Penny production does not make cents

Continued circulation of the penny represents government inefficiency.


Photo Illustration by Tomber Su/THE CHIMES

Jacqueline Lewis, Writer

Canada and Chipotle are ahead of the game when it comes to counting costs.

A drain to their economy

Canada stopped using their one cent coin beginning in 2012. Their budget called the penny “a drain to their economy” and by ceasing penny production, they saved $11 million every year. When Chipotle discovered they were wasting time dealing with pennies, they began rounding their prices to the nearest five cents.

Yet despite American complaints of government inefficiency, most Americans still love the penny. According to a YouGov poll from 2014, a staggering 51 percent of Americans favored keeping the penny compared to just 34 percent of respondents who favored its abolishment.

The copper and zinc industries love pennies too. American for Common Cents, a pro-penny lobbying group comprised of various organizations and companies from the Zinc industry includes the Jarden corporation. According to the Center for Responsive Politics, Jarden spent an estimated $111,000 in lobbying efforts for the 2015-2016 cycle. This investment is worth its efforts considering the fact the company receives a multi-million dollar contract from Uncle Sam.

Retiring the Penny

However, they still waste time and money. According to Jeff Gore, MIT scientist and founder of Citizens for Retiring the Penny, the average American spends at least 2.4 hours handling pennies every year. But this calculation does not include retail employees, who often handle the one cent coin at a time when counting change. This would bring the average wasted time significantly higher.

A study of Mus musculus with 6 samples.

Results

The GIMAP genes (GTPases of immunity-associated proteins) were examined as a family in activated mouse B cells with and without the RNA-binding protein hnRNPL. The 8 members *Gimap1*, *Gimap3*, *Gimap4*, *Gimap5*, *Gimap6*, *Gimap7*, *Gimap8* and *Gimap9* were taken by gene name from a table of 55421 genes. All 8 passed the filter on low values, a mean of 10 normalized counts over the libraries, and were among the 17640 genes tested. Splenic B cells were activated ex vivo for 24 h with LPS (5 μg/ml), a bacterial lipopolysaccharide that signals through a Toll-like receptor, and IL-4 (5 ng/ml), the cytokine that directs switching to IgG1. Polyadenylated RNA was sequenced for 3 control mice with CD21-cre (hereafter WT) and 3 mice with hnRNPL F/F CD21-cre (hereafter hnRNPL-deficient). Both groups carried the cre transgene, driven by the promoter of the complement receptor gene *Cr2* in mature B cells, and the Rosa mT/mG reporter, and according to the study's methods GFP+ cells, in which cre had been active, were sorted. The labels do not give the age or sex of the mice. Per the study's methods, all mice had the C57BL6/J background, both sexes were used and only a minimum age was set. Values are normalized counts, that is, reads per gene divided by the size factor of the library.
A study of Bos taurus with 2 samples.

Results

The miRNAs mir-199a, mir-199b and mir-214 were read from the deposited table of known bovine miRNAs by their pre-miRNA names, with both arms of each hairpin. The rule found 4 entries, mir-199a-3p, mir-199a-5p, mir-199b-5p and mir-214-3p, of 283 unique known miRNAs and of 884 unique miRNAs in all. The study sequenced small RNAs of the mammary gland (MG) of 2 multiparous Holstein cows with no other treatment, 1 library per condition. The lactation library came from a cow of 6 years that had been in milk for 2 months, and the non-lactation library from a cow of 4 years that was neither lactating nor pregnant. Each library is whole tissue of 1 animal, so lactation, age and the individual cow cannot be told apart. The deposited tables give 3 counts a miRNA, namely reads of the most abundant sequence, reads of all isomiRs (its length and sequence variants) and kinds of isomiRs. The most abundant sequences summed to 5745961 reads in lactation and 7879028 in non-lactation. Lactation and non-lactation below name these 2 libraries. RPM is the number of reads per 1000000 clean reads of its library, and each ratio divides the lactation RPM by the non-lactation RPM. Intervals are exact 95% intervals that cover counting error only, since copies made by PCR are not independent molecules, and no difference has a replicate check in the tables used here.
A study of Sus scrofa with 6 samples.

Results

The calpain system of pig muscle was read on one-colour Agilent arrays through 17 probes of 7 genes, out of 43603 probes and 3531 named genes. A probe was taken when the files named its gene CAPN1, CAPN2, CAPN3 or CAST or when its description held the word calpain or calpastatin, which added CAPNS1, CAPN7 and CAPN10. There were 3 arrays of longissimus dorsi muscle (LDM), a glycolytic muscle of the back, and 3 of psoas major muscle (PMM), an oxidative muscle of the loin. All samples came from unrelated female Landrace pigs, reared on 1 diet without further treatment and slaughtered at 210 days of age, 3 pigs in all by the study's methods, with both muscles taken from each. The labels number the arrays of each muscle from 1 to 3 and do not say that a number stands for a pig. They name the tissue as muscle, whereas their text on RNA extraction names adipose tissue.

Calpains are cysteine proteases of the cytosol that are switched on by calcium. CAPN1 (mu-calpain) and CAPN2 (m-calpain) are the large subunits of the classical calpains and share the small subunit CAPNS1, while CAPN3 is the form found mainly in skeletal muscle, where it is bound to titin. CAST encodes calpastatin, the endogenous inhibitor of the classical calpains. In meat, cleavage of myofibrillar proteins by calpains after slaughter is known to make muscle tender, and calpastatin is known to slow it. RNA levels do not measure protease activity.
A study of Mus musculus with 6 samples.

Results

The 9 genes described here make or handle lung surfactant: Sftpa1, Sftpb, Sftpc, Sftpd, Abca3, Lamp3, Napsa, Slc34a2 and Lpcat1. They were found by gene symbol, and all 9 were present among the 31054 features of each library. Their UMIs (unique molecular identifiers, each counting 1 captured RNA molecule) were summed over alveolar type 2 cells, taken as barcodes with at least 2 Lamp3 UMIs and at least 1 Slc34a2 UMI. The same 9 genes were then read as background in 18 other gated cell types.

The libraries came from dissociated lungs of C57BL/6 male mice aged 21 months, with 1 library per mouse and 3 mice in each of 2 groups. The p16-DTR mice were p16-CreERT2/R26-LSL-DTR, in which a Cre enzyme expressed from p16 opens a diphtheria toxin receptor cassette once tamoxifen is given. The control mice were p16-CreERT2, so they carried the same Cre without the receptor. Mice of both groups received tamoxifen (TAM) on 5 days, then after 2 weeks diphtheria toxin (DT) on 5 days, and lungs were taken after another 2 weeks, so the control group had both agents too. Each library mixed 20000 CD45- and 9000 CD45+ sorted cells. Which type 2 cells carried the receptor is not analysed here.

Additionally, the time wasted fumbling with pennies translates to $15 billion lost nationwide every year. According to a CNN article, producing pennies costs about 1.7 cents per coin. With nearly eight billion pennies minted in 2014, the U.S. spent almost $132 million to produce less than $50 million of circulating currency. When economists add the cost of production to the opportunity cost of using the penny, the total cost drains almost $900 million from the national economy every year.

That is $900 million in taxpayer money Americans could use to feed their families, start businesses, create jobs or donate to charities.

inefficiency in U.S. government

Those in favor of keeping the penny argue that charities such as the Leukemia and Lymphoma Society and the Salvation Army rely on these unwanted coins to fundraise. They would also claim circulating out the penny would cause inflation and rounding transactions to the nearest five cents would cheat customers out of their money.

This is not the case though. Inflation has little to do with the size of the nation’s currency and economist Ed Dolan calculates that in even the worst case scenario where businesses cheat consumers in every transaction, inflation would still be one percent less than otherwise.

Charity donations would not decrease either. Charities in countries where the penny is already abolished have not reported any loss of donations. Regardless, coin drives are not even the most effective form of fundraising considering the growing ease of electronic donations.

Abolishing the penny will not balance the U.S. budget, but it symbolizes inefficiency in the American governmental system and a non-partisan issue where the right and the left can cooperate to save taxpayer dollars.

Surely we can find a better way to honor our 16th president than putting him on a worthless coin.